It’s probably not a good idea to try to make an oral gift of land.  There’s a reason why the law does not look favorably on oral contracts to transfer land, and there’s a reason why proving an oral transfer of property is so difficult.  Not that it’s impossible.  While the Statute of Frauds generally requires transfer of an interest in land to be in writing, there are exceptions.

In Jones v. Kirk, the Georgia Supreme Court addressed the line between what is – and what is not – a valuable improvement to the subject property so as to move the needle in favor of an enforceable oral agreement to transfer real property.  Here’s a hint – moving your mobile home onto the land isn’t a “valuable improvement.”

Through his will, Clyde Willis Jones bequeathed a life estate of 40 acres to his wife, Olla Belle Fields.  When Olla died, Clyde’s five children were to receive a fee simple interest in the 40 acres that would be divided equally between them.

Freddie Jones, Clyde’s grandson, had been living on a 2.2 acre tract that was part of the larger 40 acres.  Freddie claimed that the 2.2 acres were an oral gift to him from Clyde.

After Olla died, four of Clyde’s heirs sought to sell the property so they filed a petition for partition of the 40 acres.  One of Clyde’s heirs, Jackie E. Jones, however, didn’t want the land to be sold and refused to sign the petition.  The trial court granted the petition ordering that the 40 acres be sold.

Freddie saw a newspaper ad for the sale of the 40 acres, including the 2.2 acre tract on which he was living, so Freddie intervened in the partition proceeding.  The heirs moved for summary judgment alleging that there was no evidence that Freddie owned the 2.2 acre tract.  The trial court and the Georgia Supreme Court agreed.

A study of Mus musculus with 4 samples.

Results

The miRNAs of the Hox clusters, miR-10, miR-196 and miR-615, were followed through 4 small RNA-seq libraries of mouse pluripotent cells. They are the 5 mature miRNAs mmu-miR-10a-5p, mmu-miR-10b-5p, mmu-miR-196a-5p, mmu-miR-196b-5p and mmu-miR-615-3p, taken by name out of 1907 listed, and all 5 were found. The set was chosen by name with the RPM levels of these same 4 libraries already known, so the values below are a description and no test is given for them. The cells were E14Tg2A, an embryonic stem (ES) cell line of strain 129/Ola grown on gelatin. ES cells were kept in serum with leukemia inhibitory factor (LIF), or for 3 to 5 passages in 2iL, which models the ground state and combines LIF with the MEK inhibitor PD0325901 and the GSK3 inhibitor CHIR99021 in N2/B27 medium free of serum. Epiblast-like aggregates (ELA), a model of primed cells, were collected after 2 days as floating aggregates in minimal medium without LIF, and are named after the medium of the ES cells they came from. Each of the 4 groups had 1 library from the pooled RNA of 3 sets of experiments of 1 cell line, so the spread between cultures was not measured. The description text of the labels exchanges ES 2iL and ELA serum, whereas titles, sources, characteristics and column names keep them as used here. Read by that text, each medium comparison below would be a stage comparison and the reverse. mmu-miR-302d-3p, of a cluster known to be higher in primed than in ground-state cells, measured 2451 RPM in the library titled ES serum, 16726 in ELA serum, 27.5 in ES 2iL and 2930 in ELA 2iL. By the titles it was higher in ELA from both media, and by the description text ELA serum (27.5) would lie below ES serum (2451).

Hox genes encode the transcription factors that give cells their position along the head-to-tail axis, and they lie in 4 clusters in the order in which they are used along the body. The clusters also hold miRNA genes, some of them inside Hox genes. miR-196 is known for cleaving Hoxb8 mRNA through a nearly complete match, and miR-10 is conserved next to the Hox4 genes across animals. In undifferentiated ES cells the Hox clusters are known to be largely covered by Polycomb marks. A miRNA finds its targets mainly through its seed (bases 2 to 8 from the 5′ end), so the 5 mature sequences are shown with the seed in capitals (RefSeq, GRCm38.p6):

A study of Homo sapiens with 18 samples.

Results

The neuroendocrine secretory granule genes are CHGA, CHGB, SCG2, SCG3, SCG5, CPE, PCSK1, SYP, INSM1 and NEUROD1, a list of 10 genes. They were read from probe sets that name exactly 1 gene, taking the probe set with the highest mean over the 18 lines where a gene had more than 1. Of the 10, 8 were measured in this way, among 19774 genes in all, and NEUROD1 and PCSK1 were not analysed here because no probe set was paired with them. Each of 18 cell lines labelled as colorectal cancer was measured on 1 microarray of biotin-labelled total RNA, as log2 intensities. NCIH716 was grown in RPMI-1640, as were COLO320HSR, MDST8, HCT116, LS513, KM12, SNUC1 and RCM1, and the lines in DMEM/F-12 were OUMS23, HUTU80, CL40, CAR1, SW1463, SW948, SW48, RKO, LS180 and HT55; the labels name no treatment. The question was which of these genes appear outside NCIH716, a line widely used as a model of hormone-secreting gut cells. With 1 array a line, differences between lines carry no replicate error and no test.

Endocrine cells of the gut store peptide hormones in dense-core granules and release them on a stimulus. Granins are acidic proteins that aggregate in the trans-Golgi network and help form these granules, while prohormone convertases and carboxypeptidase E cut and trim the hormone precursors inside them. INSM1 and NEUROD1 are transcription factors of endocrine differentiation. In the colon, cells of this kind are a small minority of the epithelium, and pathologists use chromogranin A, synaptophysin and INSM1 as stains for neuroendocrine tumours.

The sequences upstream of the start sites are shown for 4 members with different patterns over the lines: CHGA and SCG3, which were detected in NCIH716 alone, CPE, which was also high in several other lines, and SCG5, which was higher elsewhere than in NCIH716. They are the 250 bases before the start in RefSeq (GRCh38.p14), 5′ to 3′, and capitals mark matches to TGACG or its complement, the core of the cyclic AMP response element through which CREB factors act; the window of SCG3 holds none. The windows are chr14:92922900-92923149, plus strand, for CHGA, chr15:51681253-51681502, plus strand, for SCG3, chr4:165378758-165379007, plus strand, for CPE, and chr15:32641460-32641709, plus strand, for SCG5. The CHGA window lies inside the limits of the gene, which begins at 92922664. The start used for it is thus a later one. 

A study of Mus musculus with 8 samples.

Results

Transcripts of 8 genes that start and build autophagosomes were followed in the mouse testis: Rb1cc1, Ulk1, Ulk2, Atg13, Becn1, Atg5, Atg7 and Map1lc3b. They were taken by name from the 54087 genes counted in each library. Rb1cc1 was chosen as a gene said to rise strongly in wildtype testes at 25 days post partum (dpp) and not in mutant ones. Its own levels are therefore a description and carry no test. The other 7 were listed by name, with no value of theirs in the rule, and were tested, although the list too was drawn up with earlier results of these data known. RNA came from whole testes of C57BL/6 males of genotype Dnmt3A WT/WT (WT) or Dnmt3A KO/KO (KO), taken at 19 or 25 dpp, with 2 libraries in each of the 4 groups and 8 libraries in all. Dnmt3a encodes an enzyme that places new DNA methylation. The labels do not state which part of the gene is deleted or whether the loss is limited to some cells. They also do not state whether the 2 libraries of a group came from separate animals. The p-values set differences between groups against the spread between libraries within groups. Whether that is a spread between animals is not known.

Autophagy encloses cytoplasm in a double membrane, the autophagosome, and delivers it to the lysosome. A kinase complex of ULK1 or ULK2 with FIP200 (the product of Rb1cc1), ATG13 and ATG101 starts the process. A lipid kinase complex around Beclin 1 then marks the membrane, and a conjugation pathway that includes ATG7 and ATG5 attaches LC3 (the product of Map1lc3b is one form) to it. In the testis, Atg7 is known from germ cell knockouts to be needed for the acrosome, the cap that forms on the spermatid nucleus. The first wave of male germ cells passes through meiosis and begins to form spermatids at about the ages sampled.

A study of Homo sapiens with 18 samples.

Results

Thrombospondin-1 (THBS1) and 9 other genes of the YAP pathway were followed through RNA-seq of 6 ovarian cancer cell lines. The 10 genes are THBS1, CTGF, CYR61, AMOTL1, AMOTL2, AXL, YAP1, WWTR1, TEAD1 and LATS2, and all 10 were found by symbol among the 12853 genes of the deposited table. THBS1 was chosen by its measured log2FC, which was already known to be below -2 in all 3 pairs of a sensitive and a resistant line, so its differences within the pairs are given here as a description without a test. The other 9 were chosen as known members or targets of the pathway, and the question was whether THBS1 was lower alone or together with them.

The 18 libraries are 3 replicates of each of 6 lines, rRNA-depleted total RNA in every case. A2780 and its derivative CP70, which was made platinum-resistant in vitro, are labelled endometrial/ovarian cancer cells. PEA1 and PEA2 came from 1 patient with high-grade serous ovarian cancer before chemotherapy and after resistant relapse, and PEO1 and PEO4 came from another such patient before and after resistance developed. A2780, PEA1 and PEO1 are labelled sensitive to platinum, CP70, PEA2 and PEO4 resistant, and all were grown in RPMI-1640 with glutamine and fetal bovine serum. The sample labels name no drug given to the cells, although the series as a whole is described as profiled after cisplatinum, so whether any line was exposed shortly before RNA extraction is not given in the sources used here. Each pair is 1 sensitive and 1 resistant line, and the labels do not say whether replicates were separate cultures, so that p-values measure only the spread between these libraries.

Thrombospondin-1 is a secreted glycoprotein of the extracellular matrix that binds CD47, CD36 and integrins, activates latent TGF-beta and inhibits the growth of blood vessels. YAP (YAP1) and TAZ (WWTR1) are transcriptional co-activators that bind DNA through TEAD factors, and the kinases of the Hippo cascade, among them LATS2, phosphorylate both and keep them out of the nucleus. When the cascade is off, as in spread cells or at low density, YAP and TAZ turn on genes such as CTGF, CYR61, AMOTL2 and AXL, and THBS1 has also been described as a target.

Although transfers of property usually need to be in writing, Georgia has an equitable exception to the Statute of Frauds that Freddie claimed applied.  Equity will uphold an oral agreement transferring land if possession of the land has been given under such an oral agreement, upon a meritorious consideration, and valuable improvements have been made upon the faith of the voluntary agreement or gratuitous promise of the donor.

Freddie provided some evidence that he possessed the land based on an alleged oral promise and that meritorious consideration was given in return for the promise.  Apparently that meritorious consideration was the natural love and affection of a grandfather for his grandson.

Freddie completely failed to show that he made any valuable improvements to the land based on Clyde’s promise to convey the land to him.  Although Freddie moved his mobile home onto the land, the move was to be closer to his grandfather and not upon faith in the gift itself.

Even if Freddie had placed his mobile home on the property in connection with the promise that the land would someday be his, the outcome would not have been any different.  Because a mobile home may be “rolled away at any time,” it was not a valuable improvement.  In other words, a valuable improvement is permanent in nature.

There were some valuable improvements made to the land – installation of a septic system and fence – but these improvements were made by Clyde, not Freddie.